Monday, April 29, 2013

Quick CFML Tips: Script-based Queries And Tag/Script Hybrid CFCs

While refactoring a particular process in a ColdFusion project at work, I learned two things I thought worth passing on:

1.  There are certain scenarios where doing queries in cfscript, instead of using the <cfquery> tag, does come with a significant performance penalty.  In my case, the scenario was one where I was taking two recordsets created by querying the database and running subqueries against those recordsets in a recursive fashion.  My guess is that instantiating the query object needed to perform query functions in cfscript (which I was doing with each recursion) was the main issue.  When I converted the queries and functions involved in the recursive process to use tag-based syntax, the amount of time it took the process to run dropped by over 33%.

Not saying that this means you should avoid doing script-style queries, just that if there are a large number of such queries in a long-running process, you might want to experiment with refactoring them.

2.  I already knew that I could have one or more cfscript blocks inside the body of a CFC function, but I didn't know that I could combine tag-syntax functions and script-syntax functions in the same CFC like so:

<cfcomponent accessors="true">
    <cffunction name="doX" output="false" returntype="void">

        public void function doY () {
</cfcomponent> had never crossed my mind to try it that way. Certainly useful when you need to run a CFML function that has no cfscript equivalent in whatever version of CFML engine you're using (I should note that I was using ColdFusion 9.0.1 in both of the above cases).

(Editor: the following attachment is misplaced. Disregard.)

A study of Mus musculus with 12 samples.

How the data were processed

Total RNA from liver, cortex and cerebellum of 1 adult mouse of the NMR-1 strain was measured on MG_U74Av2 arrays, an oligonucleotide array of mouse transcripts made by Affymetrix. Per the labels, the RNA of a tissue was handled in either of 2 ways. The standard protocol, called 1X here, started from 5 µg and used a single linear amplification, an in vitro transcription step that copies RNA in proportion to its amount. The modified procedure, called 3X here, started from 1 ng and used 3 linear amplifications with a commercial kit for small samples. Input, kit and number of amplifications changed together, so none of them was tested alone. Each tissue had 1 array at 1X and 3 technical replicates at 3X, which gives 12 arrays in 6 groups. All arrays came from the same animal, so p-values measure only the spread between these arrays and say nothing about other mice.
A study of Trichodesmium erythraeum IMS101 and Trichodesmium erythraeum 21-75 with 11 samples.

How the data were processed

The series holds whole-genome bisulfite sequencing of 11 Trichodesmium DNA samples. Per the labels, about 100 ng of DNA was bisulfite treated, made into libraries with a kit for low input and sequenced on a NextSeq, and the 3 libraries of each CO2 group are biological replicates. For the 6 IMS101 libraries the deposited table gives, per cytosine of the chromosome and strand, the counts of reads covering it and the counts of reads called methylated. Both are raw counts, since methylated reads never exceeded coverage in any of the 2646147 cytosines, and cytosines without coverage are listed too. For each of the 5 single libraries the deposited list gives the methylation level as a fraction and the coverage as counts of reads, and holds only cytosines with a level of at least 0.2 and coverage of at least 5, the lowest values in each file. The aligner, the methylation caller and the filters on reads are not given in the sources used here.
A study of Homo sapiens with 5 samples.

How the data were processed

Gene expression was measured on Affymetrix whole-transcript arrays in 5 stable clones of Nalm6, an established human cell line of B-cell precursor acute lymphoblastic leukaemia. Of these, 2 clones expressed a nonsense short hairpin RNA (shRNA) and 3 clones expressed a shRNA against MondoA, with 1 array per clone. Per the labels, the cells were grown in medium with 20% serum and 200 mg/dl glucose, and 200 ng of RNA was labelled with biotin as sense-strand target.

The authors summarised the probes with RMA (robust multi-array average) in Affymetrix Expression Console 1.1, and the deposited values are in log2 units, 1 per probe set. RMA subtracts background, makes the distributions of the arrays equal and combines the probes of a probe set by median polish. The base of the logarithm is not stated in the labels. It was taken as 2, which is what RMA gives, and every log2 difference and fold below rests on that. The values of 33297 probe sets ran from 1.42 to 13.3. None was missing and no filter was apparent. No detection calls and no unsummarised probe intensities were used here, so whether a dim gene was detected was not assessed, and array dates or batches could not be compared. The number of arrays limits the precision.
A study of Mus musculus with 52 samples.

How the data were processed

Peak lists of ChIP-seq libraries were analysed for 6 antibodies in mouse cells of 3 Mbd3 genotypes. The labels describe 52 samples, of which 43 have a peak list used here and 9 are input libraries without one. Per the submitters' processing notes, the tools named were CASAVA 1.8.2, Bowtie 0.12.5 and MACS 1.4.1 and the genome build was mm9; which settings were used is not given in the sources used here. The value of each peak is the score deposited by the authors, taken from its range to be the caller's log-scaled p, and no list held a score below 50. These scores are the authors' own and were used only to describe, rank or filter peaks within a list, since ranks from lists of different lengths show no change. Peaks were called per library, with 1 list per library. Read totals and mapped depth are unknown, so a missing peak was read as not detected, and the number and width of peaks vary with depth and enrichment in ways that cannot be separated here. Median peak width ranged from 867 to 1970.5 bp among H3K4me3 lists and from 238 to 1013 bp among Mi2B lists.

Wednesday, April 10, 2013

Overcoming the Cookie Size Limit When Using jQuery DataTables and Saved State

One of the features of the jQuery DataTables plugin is that you can use the configuration option "bStateSave" to store the current view of the table (the sort order, the number of rows displayed, the filter term, etc.) in a cookie, so if the user navigates away from the page then comes back, the table view is the same as how they left it.

However, if your website or web application stores the state of several DataTables, and a user hits all those tables faster than those cookies can expire (their default lifespan is 2 hours but can be customized with the "iCookieDuration" option), the user could hit the browser cookie size limit and start seeing errors on your site.  I ran into this problem today with an application I've been working on.

Fortunately, starting with version 1.9, DataTables provides functions that let developers intercept the process of saving the table state and reloading that state, and the plugin author provides a documentation page on how to use those functions to store the state data in localStorage, which in most browsers allows you to store a few MBs of data per site (far more than the 4K limit per site for cookies):

In my case, I decided that I would store the state data in sessionStorage rather than localStorage, but the principle was the same.